Biotechnology Engineers Build Hearts to Save Hearts
Li further says that cardiotoxicity is a major roadblock in developing new drugs to fight problems like cancer, obesity, gastrointestinal diseases and inflammatory diseases. There are not current tests for cardiotoxicity that are reliable because current methods use non-cardiac and non-human models. Drug companies spend millions of dollars and years to develop drugs but when cardiotoxicity models are 80% unreliable Li says that using animal models is not giving adequate results.
His solution is to use stem cells to create personalized human heart tissue within weeks. Ronald first wants to use his “heart in a jar” models for drug testing. Taking individual patient blood samples and developing his test hearts will allow drug companies to develop new drugs quicker and more efficiently. Further, genetic diversity can be designed into new drugs and treatments to see how different groups respond to different drugs. Long term he hopes that human heart grafts can be built to aid in transplant therapy and lessen the impact of long waits for organ donors.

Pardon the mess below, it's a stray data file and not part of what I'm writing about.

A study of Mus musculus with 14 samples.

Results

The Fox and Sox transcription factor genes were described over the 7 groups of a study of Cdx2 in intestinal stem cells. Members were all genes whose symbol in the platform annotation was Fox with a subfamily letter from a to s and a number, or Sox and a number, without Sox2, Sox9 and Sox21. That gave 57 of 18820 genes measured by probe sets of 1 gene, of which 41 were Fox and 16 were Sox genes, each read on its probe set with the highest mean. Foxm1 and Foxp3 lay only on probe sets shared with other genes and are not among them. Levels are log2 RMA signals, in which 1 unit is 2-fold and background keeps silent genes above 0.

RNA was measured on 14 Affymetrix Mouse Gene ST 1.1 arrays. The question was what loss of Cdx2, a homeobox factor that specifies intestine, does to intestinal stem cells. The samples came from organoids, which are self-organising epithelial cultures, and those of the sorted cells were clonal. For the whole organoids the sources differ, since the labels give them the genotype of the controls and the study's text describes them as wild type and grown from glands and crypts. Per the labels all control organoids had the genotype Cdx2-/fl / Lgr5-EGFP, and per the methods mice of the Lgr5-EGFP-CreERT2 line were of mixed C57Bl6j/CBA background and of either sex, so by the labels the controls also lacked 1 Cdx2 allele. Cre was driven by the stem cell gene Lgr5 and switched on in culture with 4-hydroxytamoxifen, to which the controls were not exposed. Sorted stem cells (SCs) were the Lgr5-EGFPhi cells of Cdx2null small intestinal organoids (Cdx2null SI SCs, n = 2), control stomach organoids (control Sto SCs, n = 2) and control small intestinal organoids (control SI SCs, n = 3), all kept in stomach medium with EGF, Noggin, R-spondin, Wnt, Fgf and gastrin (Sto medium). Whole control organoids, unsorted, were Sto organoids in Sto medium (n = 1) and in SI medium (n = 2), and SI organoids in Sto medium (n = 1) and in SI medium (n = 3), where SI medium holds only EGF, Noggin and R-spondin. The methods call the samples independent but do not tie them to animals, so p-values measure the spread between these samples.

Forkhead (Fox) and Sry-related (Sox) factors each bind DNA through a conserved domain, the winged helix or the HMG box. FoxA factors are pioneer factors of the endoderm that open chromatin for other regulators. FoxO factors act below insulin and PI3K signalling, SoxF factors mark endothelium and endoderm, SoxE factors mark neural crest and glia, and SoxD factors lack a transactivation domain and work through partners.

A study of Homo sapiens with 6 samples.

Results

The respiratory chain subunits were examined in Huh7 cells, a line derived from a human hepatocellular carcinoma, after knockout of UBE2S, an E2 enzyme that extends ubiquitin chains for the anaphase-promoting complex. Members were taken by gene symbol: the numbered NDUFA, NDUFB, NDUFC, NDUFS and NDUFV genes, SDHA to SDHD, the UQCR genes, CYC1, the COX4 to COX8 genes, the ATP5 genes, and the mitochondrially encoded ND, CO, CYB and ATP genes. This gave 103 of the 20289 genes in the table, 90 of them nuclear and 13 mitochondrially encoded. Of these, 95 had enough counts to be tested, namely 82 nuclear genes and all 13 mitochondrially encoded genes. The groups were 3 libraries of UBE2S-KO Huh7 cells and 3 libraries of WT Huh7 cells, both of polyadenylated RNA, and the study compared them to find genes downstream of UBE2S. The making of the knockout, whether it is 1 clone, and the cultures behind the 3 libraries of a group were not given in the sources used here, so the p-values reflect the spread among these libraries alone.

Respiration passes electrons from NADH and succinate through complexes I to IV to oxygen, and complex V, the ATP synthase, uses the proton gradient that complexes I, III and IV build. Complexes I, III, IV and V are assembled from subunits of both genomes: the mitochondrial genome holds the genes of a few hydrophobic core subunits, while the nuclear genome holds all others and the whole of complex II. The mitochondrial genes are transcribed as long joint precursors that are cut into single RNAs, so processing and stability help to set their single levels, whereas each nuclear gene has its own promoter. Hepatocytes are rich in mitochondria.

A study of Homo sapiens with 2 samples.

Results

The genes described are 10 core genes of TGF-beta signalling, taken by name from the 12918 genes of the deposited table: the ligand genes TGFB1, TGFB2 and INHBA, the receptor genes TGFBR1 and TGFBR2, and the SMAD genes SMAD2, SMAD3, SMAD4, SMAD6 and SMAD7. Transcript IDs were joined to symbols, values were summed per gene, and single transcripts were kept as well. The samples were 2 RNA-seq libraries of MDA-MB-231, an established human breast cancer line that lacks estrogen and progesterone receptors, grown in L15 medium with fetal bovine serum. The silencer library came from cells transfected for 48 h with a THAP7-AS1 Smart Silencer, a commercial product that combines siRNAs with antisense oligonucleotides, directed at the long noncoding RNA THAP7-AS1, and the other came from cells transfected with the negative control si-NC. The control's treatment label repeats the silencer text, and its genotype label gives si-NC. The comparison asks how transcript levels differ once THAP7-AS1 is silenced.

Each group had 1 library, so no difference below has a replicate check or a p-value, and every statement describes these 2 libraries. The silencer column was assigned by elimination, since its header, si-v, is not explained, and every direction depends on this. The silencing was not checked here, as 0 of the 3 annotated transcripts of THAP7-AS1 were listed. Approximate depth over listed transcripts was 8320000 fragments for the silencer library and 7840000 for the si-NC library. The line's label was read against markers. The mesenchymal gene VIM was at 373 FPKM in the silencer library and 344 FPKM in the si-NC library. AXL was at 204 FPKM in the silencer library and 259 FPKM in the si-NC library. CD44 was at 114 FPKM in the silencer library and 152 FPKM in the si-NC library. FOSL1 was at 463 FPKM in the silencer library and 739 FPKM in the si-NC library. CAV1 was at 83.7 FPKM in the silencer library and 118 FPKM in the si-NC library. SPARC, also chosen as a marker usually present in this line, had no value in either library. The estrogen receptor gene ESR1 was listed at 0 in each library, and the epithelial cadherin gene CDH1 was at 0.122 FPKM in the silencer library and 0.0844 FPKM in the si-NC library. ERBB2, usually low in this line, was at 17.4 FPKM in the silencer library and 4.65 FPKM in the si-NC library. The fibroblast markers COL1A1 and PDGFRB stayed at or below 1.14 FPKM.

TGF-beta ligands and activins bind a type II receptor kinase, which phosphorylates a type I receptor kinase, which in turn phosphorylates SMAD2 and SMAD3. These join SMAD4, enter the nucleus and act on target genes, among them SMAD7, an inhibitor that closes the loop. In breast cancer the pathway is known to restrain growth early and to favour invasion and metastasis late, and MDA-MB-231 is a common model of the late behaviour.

The bigger picture of this already big idea is the construction of a large bank of human heart tissue and grafts. Ideally a blood sample can be taken from a patient one time and continue to be used without ever needing a second sample.
It’s always inspiring for me when an engineer can show us a two minute video that captures a decade of their life’s work, and explain it with passion in relatable terms. This technology is incredible and already developed. Li and his team at Novoheart are currently seeking funding to take the heart project to a larger scale.